ISLAMABAD — Pakistan’s Supreme Court on Tuesday upheld the death penalty against a mentally ill man convicted of murder, overturning a previous appeal and a court decision staying his execution, an international rights group said.
The court dismissed Imdad Ali’s appeal, saying a large proportion of prisoners suffer from mental illness and they cannot let everyone go, the Reprieve group said in a statement.
It urged Pakistan to spare Ali, saying his execution would be a violation of both Pakistani and international laws. Harriet McCulloch, deputy director of the death penalty team at Reprieve, said it was “indisputable that Imdad suffers from serious mental illness.”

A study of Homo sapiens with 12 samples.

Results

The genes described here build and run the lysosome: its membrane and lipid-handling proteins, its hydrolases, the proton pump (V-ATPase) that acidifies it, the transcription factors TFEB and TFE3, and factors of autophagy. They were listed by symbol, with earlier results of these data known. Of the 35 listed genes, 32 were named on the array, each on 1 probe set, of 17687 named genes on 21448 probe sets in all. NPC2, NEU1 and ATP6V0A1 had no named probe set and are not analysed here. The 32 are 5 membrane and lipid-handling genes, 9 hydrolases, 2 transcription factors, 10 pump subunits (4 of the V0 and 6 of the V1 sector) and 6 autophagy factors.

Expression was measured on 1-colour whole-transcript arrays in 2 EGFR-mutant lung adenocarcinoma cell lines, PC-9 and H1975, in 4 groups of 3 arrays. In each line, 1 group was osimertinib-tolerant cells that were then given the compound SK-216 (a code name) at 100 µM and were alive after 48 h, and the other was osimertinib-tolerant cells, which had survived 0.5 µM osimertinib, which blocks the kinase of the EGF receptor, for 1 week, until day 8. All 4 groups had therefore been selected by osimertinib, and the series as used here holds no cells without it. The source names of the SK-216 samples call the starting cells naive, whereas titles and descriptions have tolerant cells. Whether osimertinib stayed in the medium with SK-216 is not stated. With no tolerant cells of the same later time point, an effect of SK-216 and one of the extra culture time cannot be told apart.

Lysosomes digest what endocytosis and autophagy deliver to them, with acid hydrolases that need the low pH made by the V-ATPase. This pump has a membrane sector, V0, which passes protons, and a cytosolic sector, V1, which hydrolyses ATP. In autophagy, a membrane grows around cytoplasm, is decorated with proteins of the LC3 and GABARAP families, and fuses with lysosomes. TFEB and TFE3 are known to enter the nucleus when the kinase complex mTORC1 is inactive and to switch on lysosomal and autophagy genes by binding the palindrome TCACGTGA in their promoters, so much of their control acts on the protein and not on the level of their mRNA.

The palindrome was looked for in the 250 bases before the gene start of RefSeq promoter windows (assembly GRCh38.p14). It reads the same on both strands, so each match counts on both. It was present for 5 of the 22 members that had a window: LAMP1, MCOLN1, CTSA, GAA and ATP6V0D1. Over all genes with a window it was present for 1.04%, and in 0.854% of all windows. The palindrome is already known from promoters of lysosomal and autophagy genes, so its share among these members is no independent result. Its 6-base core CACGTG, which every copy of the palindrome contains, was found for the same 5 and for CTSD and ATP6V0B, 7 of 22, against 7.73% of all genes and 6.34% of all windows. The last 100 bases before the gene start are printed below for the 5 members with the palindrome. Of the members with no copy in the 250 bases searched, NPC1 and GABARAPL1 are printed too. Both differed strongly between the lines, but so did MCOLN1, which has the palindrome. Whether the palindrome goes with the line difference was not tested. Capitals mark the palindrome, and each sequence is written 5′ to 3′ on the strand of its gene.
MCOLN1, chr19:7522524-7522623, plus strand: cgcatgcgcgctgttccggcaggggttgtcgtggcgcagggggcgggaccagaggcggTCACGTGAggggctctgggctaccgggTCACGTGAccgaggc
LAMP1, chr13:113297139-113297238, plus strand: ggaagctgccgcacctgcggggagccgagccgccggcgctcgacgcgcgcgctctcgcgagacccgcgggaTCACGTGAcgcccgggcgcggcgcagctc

Sara Bilal, a lawyer at Justice Project Pakistan, said authorities can soon set a new date for Ali’s execution. He has been on death row since he was convicted in 2001. Bilal says he has been diagnosed with schizophrenia.
Ali was due to be executed on Sept. 20, after Pakistan’s president rejected a clemency request, but a last-minute Supreme Court decision temporarily stayed his execution. Bilal said she sent a new clemency petition to the president from Ali’s family.
Four U.N. human rights experts have also urged Pakistan to halt the execution.
Agnes Callamard, Special Rapporteur on executions; Juan E. Méndez, Special Rapporteur on torture; Mónica Pinto, Special Rapporteur for judicial independence; and Dainius Puras, Special Rapporteur on the right to physical and mental health, said Ali could be executed within a week.